More than half of microelectromechanical systems (MEMS) packaging today is currently performed by outsourced semiconductor assembly and test companies (OSATs), and Yole Développement (Yole) estimates OSATs’ market share will continue to grow in the next five years. The MEMS volume augmentation, especially for RF applications, is making the MEMS business more and more attractive for OSATs, which have started to offer a wider range of packaging solutions and tests in accordance with automotive standards.
In the era of smart devices, sensing is essential as devices become substitutes for human beings. People are surrounded by sensors, relying on them for safety, entertainment, food production, transportation, etc. Whether sensors are used in smartphones, in cars or in aircraft, there are two major challenges beyond their original function: integration and reliability.
MEMS technologies have enabled high-performing, miniaturized, cost-effective and reliable sensors, many of which are designed to withstand high temperatures and harsh environments. The diversity of MEMS devices and the different technologies involved in their manufacture have led to a complex but sustainable supply chain from design to testing involving foundries, OSATs and MEMS vendors. The MEMS packaging business is organized around five main families: inertial MEMS, environmental MEMS, optical MEMS, acoustic MEMS and RF MEMS.
If the land grid array (LGA) package remains the most commonly used platform, the trend toward sensor fusion and the aggregation of several sensors in one device will increase use of system-in-package (SiP) and hybrid package platforms. An example is the recent Invensense/TDK launch of a 7-axis sensor combining an accelerometer, gyroscope and pressure sensor.
Originally, MEMS devices were packaged and tested by integrated device manufacturers (IDMs) or MEMS vendors. OSATs have been garnering an increasing market share since their entry into the MEMS packaging business, and their next opportunity is expected to be MEMS testing, a realm retained by IDMs for confidentiality reasons. In some cases, it makes sense economically to perform packaging at OSATs’ facilities when logic and MEMS dies are sourced from several suppliers.
Yole estimates that the MEMS packaging market (including MEMS-based RF devices) will grow from a market value of $2.56 billion in 2016 to $6.46 billion in 2022, translating into a 16.7 percent CAGR over this period. This doubling of the market is a significant opportunity from which OSATs will benefit the most, based on Yole estimates. In a recent @Micronews interview, Alan Evans, MEMS Business Development/Technical Program Manager at Unisem Group — a Malaysian OSAT ranked by Yole at no. 6 in the MEMS packaging business — explained that the standardization of some MEMS packages fosters the outsourcing to IDMs or OSATs as the volume of dies packaged at OSATs, leveraged by their different customers, enables better cost-competitive packaging solutions.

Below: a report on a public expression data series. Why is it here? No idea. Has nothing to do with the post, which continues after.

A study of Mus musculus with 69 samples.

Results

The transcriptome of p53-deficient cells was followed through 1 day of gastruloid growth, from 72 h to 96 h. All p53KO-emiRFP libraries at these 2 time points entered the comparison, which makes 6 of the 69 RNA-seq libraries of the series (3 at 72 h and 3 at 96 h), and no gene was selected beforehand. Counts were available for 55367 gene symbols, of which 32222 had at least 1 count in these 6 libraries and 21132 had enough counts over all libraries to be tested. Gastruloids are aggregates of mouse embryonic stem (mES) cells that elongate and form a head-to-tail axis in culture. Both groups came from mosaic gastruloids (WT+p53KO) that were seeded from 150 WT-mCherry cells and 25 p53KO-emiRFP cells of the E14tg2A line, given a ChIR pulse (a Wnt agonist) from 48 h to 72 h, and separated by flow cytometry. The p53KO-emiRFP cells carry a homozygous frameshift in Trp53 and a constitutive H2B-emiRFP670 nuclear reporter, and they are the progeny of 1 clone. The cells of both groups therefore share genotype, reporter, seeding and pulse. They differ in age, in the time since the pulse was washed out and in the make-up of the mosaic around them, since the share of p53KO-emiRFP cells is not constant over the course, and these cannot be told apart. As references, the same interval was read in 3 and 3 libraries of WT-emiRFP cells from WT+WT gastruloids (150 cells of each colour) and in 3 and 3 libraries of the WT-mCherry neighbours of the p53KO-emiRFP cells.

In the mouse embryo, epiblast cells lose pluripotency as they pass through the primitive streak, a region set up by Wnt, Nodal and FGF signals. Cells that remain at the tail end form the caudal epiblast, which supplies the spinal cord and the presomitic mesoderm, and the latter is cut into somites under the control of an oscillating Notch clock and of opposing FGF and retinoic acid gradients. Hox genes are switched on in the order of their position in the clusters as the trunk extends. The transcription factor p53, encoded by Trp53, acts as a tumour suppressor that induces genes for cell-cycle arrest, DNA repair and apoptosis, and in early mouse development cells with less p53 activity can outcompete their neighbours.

The question remains whether the same trend will be followed in MEMS testing, as tests can represent between 30 and 90 percent of final component price depending on the end application. Some OSATs are targeting this as a new business opportunity, including Amkor Technology, which recently announced its MEMS testing capabilities.
The automotive market, which is currently undergoing a transition with the development of smart vehicles, poses opportunity as well as challenges for sensors vendors. The lifetime of automotive sensors is expected to be 10 years compared to three to four years for smartphones. There can be a trade-off between reliability and cost for infotainment devices in cars but this is not the case for safety devices, which require more testing, burn-in testing and finished package inspection. Equipment suppliers, MEMS and MEMS package designers and OSATs are working closely to enable cost-effective testing solutions.
Yole’s analysts will attend NEPCON Japan: IC & Sensor Packaging Technology Expo next week. Emilie Jolivet, Technology & Market Analyst, will be presenting a relevant presentation entitled “MEMS sensor and IC Advanced Package: How Automotive and AI Will Challenge the Packaging Business” on January 17 at 9:30 a.m., Session ISP-1. In her presentation, Emilie will offer an overview of the advanced packaging industry, with a special focus on packaging and testing for MEMS devices as well as challenges in the automotive industry. The company invites you to meet its experts at booth E71-103, in the Automotive World exhibition area, in parallel with NEPCON Japan.